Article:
I loved the concept of these Eden's Gourmet Apples, a deluxe version of toffee apples. Covered in caramel and then coated in Belgian chocolate and decorated with nuts or cookies, these just had to be better than your average toffee apple. I bet Eve would have been even more tempted by one of these in the Garden of Eden. I haven't had a toffee apple in years, so was quite excited by the prospect of trying one. The two I was sent were very nicely presented with bows and looked most inviting. CT thought they looked like lava and who wouldn't like chocolate lava? Both were milk chocolate versions, but one was covered with oreo cookies and the other with walnuts.
The apples had shiny waxy skins and looked suspiciously like Granny Smiths. To the best of my knowledge these aren't grown commercially in the UK. I hope I was mistaken and they are in fact true British apples. I'm sure the skins contributed to the caramel and chocolate falling off so easily. It was hard to tell if the chocolate is world class, as claimed; it was rather overpowered by the caramel, nuts, cookies and apple.
However, unlike most toffee apples where the apple itself was often mushy or bad, these apples were in good condition, tart and crisp. Due to other commitments, I was unable to eat the second apple for a couple of weeks. Surprisingly, this did it no harm at all. The apple remained in good condition.
These gourmet caramel apples are definitely a bit of nostalgic fun and would make a unique gift for any occasion. The less sweet and crunchy walnut version was our favourite. They can be bought for £7.95 at the online shop.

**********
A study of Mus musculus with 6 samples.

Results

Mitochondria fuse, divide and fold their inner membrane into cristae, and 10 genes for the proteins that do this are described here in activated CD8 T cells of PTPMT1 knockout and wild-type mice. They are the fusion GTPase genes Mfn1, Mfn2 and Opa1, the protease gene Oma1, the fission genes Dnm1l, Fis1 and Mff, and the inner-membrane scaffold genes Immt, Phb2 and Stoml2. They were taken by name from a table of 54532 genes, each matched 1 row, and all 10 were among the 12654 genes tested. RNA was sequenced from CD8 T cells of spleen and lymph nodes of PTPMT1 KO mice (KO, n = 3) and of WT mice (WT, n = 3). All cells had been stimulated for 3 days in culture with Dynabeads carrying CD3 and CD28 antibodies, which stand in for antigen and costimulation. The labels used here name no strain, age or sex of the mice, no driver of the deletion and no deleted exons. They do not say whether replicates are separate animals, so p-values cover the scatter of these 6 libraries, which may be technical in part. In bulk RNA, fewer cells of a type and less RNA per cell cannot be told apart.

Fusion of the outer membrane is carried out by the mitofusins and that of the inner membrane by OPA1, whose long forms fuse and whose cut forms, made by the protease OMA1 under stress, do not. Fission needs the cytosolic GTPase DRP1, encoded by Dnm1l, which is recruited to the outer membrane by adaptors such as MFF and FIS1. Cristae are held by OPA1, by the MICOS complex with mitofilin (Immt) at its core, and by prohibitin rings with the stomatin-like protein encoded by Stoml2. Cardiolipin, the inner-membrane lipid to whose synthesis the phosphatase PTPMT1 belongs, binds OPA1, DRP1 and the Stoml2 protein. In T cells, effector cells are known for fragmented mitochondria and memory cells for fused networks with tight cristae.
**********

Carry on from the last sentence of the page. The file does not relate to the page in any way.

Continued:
We have been noticing lots of hazelnuts in the hedgerows around here in East Cornwall, so we have surmised it must be a good year for them. Normally the squirrels get to them before we do. Hopefully this isn't the case at Potash Farm, a leading producer of Kentish cobnuts, which I was very pleased to find is a Soil Association registered organic farm. Not only that, but it has the distinction of being the only farm to carry this status for cobnuts. Cobnuts are a type of large hazelnut traditionally grown in Kent and were particularly prized by the Victorians for their superior taste. They are harvested and sold both in their green juicy state for eating in late summer or in their dehusked and mature state for Autumn and Christmas consumption.
A 200g bag costs £5.25 or £10 for two from their online shop which includes free delivery.
Chocolate Log Blog readers can use this exclusive 10% discount code valid until 18th October 2013.
It was chocolate and nuts again - hooray. As I've already stated, this is a winning combination. Having tasted first walnuts with chocolate, then cobnuts, it was good to get some variety and this time it was almonds in the spotlight.
Calling this chocolatey treat a terrine is a good idea, it's such an apt name. The firm truffle like consistency, with its smooth texture, has a chewy bite to it from the liberal addition of nuts. The addition of Amaretto was perfect, not in the least bit overwhelming, but giving an added air of luxury to the terrine. Like the fudge, the chewy nuts made each mouthful last much longer than it otherwise might. It was very rich and was like eating chocolate truffles with a spoon. This is a dessert for sharing, or taking the odd surreptitious spoonful when passing the fridge, ahem - naughty but very nice. The terrine was well and truly embedded in its tub and I was unable to turn it out. This was rather annoying as it would have been nice to slice or cube it and add some to the top of an ice-cream sundae for example. It's the sort of dessert I could very quickly become addicted too.
Handmade in the Welsh countryside, Patchwork Traditional Food Company produce three chocolate versions of their terrines. They started off life making traditional meat and fish pates but have now branched out into all sorts of other products including a vegetarian lentil, garlic and mushroom pate that grabbed my interest.
A video recipe on the Patchwork site suggests warming the terrine up, mixing with creme fraiche and pouring into a baked pastry case to create an easy chocolate tart. As you've already discovered, I didn't do that, but if I'd had a few to experiment with, I surely would.
I was sent these items for review purposes and as always, all opinions are my own.